Aleteia logoAleteia logoAleteia
Tuesday 16 April |
Saint of the Day: St. Bernadette Soubirous
Aleteia logo
separateurCreated with Sketch.

Pope Francis’s Celestine Jubilee

Pope Francis Celestine Jubilee ANDREAS SOLARO AFP


Fr Dwight Longenecker - published on 07/12/14

Why all the interest in a seemingly obscure medieval pope?

This week Pope Francis opened a Jubilee year in honor of Pope St. Celestine V. What is that all about?

A jubilee year is a year of celebration. Catholics are encouraged to take part by participating in special prayers, devotions and pilgrimages. The jubilee is also a way of drawing attention to a special saint or theme.

Pope Celestine V was born Pietro Angelerio and was known as Pietro del Morrone after the mountain where he had his hermitage. Celestine was famous for his holiness and was elected pope after a papal election which was scandalously long because of worldly power struggles within the Vatican. Pope Celestine was eighty years old when he was elected, and the old man served as pope for just five months from July to December 1294. He ruled that a pope could resign, and then did so. His successor, Pope Boniface VIII feared Celestine’s supporters would set him up as an anti-pope so he confined Celestine to a castle where he eventually died.

Pope Celestine V went down in history as a holy man who was “too good for the papacy.” In a time when the church hierarchy was corrupted by worldly wealth and military might, Celestine presented a prophetic sign of contradiction. He lived for prayer, poverty and penance. Popes of the day too often lived for pomp, prestige, and power.

The humble hermit who was the first pope to formally abdicate came back to prominence in 1966 when Paul VI visited Celestine’s tomb and praised his example. Pope Benedict XVI visited Celestine’s tomb twice, and honored the anniversary of his birth by declaring 2009-2010 a Celestine year. Three years later Benedict himself made history by resigning from the papacy and now, Pope Francis declares a Celestine Jubilee year. Why all the interest in a seemingly obscure medieval pope?

Pope Francis made it clear in his speech to the people of Isernia, Celestine’s birthplace. “Like Francis of Assisi, Pietro del Morrone knew well the society of his time, with its great poverties. Both were very close to the people. They had the same compassion of Jesus for the many exhausted and oppressed persons…[this is] the very timely meaning of the Celestine Jubilee Year, which I declare open from this moment, and during which the door of Divine Mercy will be open wide for all. It is not a flight, it is not an evasion of reality and its problems; it is the answer that comes from the Gospel: love as the force…which puts the person, work and family at the center rather than money and profit…We are all aware that this way is not that of the world.”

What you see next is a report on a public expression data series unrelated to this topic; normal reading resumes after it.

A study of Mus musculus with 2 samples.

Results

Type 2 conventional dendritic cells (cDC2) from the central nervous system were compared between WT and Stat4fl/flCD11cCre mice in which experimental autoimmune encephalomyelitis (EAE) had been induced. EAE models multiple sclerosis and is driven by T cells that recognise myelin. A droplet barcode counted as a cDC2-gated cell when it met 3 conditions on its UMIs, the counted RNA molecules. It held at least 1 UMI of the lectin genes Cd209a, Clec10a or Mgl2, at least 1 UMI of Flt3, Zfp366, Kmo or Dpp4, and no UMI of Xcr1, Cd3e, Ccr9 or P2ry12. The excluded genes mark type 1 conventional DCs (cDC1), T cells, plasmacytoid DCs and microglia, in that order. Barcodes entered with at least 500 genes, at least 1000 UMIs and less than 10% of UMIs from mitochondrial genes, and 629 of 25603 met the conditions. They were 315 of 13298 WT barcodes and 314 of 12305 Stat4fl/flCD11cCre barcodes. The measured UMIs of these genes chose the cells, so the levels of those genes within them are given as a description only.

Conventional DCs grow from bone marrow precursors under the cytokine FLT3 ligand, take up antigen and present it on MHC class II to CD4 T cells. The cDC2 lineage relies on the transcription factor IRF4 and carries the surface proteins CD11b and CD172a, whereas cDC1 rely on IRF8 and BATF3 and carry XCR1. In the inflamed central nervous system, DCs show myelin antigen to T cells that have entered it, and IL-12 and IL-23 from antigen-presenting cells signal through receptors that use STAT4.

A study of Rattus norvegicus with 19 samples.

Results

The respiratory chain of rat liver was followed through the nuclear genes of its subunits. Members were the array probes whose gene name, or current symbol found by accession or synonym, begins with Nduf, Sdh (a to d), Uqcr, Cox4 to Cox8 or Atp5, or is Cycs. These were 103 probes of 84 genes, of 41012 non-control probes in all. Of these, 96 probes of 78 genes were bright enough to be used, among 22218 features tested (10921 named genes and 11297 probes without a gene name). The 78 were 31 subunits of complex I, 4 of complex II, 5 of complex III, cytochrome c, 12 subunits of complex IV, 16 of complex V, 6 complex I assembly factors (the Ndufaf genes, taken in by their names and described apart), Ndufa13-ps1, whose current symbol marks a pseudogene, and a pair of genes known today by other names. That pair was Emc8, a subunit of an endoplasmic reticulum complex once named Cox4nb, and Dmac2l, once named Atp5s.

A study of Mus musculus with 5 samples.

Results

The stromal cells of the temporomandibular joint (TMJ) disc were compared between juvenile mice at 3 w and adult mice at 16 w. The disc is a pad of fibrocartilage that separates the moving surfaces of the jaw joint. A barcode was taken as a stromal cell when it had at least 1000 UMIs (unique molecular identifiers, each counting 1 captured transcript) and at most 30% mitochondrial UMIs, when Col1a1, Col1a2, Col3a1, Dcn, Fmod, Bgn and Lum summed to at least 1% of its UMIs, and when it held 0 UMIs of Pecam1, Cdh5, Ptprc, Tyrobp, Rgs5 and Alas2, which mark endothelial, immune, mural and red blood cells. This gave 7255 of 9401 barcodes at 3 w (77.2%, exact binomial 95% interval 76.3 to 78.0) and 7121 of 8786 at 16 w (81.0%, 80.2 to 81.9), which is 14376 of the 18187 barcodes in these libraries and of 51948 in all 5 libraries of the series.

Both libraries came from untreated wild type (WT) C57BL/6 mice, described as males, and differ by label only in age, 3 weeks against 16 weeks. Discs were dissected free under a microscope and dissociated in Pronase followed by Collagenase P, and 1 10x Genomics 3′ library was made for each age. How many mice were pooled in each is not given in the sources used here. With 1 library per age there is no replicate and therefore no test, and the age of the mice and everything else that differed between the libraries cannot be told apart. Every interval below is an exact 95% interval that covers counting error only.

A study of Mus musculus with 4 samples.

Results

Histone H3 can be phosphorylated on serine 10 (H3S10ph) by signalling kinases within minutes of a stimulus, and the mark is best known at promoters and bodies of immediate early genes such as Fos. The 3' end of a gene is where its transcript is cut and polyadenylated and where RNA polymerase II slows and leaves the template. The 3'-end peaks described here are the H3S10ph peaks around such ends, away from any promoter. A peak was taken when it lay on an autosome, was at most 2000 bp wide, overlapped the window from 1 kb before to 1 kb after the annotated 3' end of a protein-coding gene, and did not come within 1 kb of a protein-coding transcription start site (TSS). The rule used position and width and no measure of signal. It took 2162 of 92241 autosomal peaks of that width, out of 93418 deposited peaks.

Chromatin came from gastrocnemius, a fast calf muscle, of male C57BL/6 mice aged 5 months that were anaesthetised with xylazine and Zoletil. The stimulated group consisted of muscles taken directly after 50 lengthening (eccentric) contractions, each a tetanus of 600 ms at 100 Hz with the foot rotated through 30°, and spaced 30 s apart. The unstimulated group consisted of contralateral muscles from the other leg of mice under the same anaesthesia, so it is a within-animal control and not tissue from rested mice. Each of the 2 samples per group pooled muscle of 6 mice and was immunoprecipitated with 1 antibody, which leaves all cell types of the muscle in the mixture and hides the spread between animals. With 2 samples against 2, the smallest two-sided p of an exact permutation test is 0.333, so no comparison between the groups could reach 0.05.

Pope Francis’s love for Saint Francis and his wish to honor Pope St. Celestine is a prophetic reminder of the clash between the “way of the world” and “the way of Christ.” Jesus Christ’s gospel stands the world’s standards and values on their head. In walking away from the power and prestige of the papacy Celestine thumbed his nose at the way of the world. When Celestine’s repudiation of the papacy is set into historical context it is even more of a prophetic sign.

Celestine was elected because various Italian families were fighting over the papacy. The election was deadlocked and Celestine was nominated almost as a joke. During his short papacy he was manipulated by the cardinals, especially Benedetto Caetani, who encouraged Celestine to resign, then bribed the electors to make him pope. Caetani took the name Boniface VIII, and as Celestine went down in history as one of the most humble and holy popes Boniface went down in history as one of the most wicked.

Dante placed Boniface in hell for his crimes and it was Boniface VIII who pushed papal claims to worldly power to their most extreme point. A corrupt and ambitious man, Boniface demanded that all people be subject to the Roman Pontiff and insisted that kings and princes bow to his power. After power struggles with King Philip IV of France, Boniface was imprisoned and it was rumored that he took his own life — by gnawing off his own arms and bashing his head against a wall. Boniface was accused of many horrible crimes by his enemies, and even if innocent of the worst offenses, he was still a completely worldly man world who stands as the stunning contrast to Celestine’s simplicity and godliness.

By proclaiming a jubilee year in honor of Celestine Pope Francis is making a clear call for all Catholics to turn away from the worldly values of power, pride and corruption and walk in the way of Christ. Like Saints Francis and Celestine, we are to look to Jesus — the author and finisher of our faith. Pope Benedict XVI said “the saints are lived theology.”

So Saints Francis and Celestine incarnate the way of the beatitudes, showing that simplicity, mercy, peace, and justice finally overcome extravagance, greed, injustice, violence, and revenge.

Fr. Dwight Longenecker is the author of The Romance of Religion: Fighting for Goodness, Truth, and Beauty.

Pope Francis
Enjoying your time on Aleteia?

Articles like these are sponsored free for every Catholic through the support of generous readers just like you.

Help us continue to bring the Gospel to people everywhere through uplifting Catholic news, stories, spirituality, and more.

Daily prayer
And today we celebrate...

Top 10
See More
Get Aleteia delivered to your inbox. Subscribe here.